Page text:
Marginalisation and Events
Edited by Trudie Walters, Allan Stewart Jepson
252 pages | 15 B/W Illus.
This book is the first to take an in-depth examination of marginalisation and events. Marginalisation has been the subject of academic research for some time now. For example, marginalisation and exclusion have been identified as problematic in fields as diverse as geography, public health, education and media studies. However, little research has been carried out within the field of event studies.
Using of a range of different theoretical and methodological approaches from a variety of disciplines, the volume applies a critical approach to events as they relate to marginalisation that seeks to address the ‘how’ and ‘why’, and to provide a holistic picture of their place and influence in the lives of marginalised individuals and communities.
International through authorship and examples, it encompasses case studies from around the world, including South Africa, the United Kingdom, Italy, Afghanistan, the United States, Brazil, Portugal, Australia and New Zealand. This is essential reading for students and researchers in the fields of critical event studies, anthropology, cultural studies, tourism, sociology and management.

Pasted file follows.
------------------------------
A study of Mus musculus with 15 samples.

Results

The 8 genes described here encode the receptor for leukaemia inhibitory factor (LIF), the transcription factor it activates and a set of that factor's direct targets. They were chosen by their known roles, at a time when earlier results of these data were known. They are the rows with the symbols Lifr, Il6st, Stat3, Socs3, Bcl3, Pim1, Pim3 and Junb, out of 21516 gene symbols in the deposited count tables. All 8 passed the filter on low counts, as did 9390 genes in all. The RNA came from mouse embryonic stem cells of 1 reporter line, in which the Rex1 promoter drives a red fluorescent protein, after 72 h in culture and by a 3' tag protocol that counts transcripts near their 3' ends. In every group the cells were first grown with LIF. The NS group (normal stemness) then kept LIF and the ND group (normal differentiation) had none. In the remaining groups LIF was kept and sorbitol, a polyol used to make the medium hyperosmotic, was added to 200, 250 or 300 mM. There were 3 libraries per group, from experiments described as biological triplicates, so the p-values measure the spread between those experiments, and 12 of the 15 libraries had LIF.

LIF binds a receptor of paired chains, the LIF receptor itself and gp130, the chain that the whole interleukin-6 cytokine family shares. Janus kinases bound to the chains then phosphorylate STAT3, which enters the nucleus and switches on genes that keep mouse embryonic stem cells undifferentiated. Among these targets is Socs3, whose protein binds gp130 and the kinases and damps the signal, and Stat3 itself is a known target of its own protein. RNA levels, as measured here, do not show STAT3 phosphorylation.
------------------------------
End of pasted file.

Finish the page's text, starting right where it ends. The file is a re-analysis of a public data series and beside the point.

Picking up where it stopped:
About the Editors
Trudie Walters, PhD, is a Lecturer in the Department of Tourism at the University of Otago, Dunedin, New Zealand. Her research interests include media representations and individuals’ experiences of leisure phenomena, with a particular focus on events and second homes. She serves on the World Leisure Organisation Board of Directors, and is the Member Engagement Officer on the Board of the Australia and New Zealand Association for Leisure Studies. She is also Associate Editor and Reviews Editor of the journal Annals of Leisure Research.
Allan Stewart Jepson, PhD, has contributed widely to event studies literature within the realm of community festivals and events. His seminal work investigated power; hegemony; and the construction, representation and consumption of culture(s) at a community festival, and was the first to reveal marginalised local communities trapped and under-represented in a community cultural festival. Allan has three key texts in event studies (Exploring Community Festivals and Events;Managing and Developing Communities, Festivals and Events; and Power, Construction and Meaning in Festivals), all edited with Alan Clarke, University of Pannonia, Hungary.